Children learn culture through dance

Paula Davies knows that teaching children how to count in Spanish will not change the world. But it's a step.

"I'm trying to bring an understanding of different cultures so people get along better in the world," Davies said. "This is one way to interest the kids in people who are different than them."

A second-grade teacher at Fritsch Elementary, Davies teaches a Spanish class after school to students from kindergarten to fifth grade.

On Thursday, one of Davies' students and her three friends demonstrated a traditional Mexican dance to the Spanish students.

Monica Chavez, 7, learned the dance from her mother and the rest just fell together.

"I told Triana and Triana told Casey and Shannon," Monica reported.

The foursome spent about two weeks rehearsing before performing for Davies' class.

"It's fun and it's really interesting," said Kacie Collier, 12.

Monica's mother, also named Monica Chavez, coordinated the performance.

"Vinimos para mostrar un baile mexicano a los ninos que estn aprendiendo la clase de espanol (We came to show a Mexican dance to the children who are taking the Spanish class)," Chavez said. "Para que aprendan lo que es la cultura mexicana (So they can learn the Mexican culture)."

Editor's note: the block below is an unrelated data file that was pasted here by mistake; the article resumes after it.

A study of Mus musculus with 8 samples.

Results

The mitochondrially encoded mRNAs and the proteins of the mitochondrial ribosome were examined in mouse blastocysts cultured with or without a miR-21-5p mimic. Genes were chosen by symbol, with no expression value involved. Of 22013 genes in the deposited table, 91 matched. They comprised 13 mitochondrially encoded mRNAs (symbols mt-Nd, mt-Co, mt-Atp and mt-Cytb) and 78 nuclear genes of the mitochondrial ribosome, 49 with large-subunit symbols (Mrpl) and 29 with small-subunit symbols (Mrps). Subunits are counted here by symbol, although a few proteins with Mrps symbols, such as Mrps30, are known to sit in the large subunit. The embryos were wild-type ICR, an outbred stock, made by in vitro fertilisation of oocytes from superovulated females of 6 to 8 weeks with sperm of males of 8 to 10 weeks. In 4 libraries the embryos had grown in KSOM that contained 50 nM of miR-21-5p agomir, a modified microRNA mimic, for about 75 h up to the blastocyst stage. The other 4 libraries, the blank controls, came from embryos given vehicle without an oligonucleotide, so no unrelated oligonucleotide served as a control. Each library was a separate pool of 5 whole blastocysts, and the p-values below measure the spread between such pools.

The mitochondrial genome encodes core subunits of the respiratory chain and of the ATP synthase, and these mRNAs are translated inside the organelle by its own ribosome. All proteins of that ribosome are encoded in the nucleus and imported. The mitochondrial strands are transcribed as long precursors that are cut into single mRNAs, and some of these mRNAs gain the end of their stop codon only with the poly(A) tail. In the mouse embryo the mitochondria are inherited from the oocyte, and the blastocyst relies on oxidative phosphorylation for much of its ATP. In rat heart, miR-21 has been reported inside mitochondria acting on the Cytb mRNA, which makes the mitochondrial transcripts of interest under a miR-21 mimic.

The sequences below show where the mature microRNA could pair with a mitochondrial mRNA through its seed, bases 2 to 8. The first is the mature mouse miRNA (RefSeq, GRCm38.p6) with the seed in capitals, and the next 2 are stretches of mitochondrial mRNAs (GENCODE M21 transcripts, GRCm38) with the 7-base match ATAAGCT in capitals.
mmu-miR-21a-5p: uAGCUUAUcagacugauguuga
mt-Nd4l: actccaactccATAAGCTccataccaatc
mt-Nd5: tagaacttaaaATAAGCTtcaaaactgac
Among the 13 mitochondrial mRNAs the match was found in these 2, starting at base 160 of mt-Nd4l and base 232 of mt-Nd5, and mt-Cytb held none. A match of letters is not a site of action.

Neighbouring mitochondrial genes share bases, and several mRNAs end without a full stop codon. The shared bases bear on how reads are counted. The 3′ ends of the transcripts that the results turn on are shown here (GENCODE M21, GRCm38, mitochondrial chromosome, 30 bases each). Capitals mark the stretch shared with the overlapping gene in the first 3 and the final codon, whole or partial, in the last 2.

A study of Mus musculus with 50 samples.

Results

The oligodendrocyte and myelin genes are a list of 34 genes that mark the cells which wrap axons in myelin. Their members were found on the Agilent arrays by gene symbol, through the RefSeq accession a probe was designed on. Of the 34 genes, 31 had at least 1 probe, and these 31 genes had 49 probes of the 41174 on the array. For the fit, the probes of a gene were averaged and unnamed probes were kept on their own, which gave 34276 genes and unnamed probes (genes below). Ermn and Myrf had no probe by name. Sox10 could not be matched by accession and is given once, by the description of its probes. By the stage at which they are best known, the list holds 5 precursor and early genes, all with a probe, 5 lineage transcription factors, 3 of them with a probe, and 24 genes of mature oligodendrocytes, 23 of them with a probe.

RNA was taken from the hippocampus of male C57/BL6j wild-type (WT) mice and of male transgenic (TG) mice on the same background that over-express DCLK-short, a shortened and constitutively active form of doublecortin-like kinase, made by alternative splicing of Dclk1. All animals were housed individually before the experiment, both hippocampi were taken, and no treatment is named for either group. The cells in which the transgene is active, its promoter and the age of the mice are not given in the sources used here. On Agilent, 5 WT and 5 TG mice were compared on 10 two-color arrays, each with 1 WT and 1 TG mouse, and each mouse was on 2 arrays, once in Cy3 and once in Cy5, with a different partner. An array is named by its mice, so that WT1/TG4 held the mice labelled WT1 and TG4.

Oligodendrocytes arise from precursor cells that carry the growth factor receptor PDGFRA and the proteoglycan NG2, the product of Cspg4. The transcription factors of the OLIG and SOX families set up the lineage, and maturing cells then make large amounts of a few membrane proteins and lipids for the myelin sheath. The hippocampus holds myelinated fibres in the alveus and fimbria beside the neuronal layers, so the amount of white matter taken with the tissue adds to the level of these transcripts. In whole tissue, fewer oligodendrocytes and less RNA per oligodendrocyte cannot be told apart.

Melissa James, 7, enjoyed the performance.

"I liked it," she said. "One, because my friend, Monica is in it. Two, because I liked the dancing."

Davies said the response to holding a Spanish class was overwhelming.

She sent the information home with students on a Friday and by Monday afternoon, she had more than 60 students sign up. The class has been divided into two sections to accommodate all the interested students.

Nicole Updegrove, 7, wanted to be able to communicate with a classmate.

"I didn't know Spanish," Nicole said. "One of my friends in my class speaks Spanish and I want to talk to her."

Jeffrey Davies, 8, struggles to remember the vocabulary words he's learned in class.

"It's pretty hard," he said.

But Jeffrey is anticipating positive results in the future.

"Maybe when I'm older I can communicate with others who know Spanish," he said.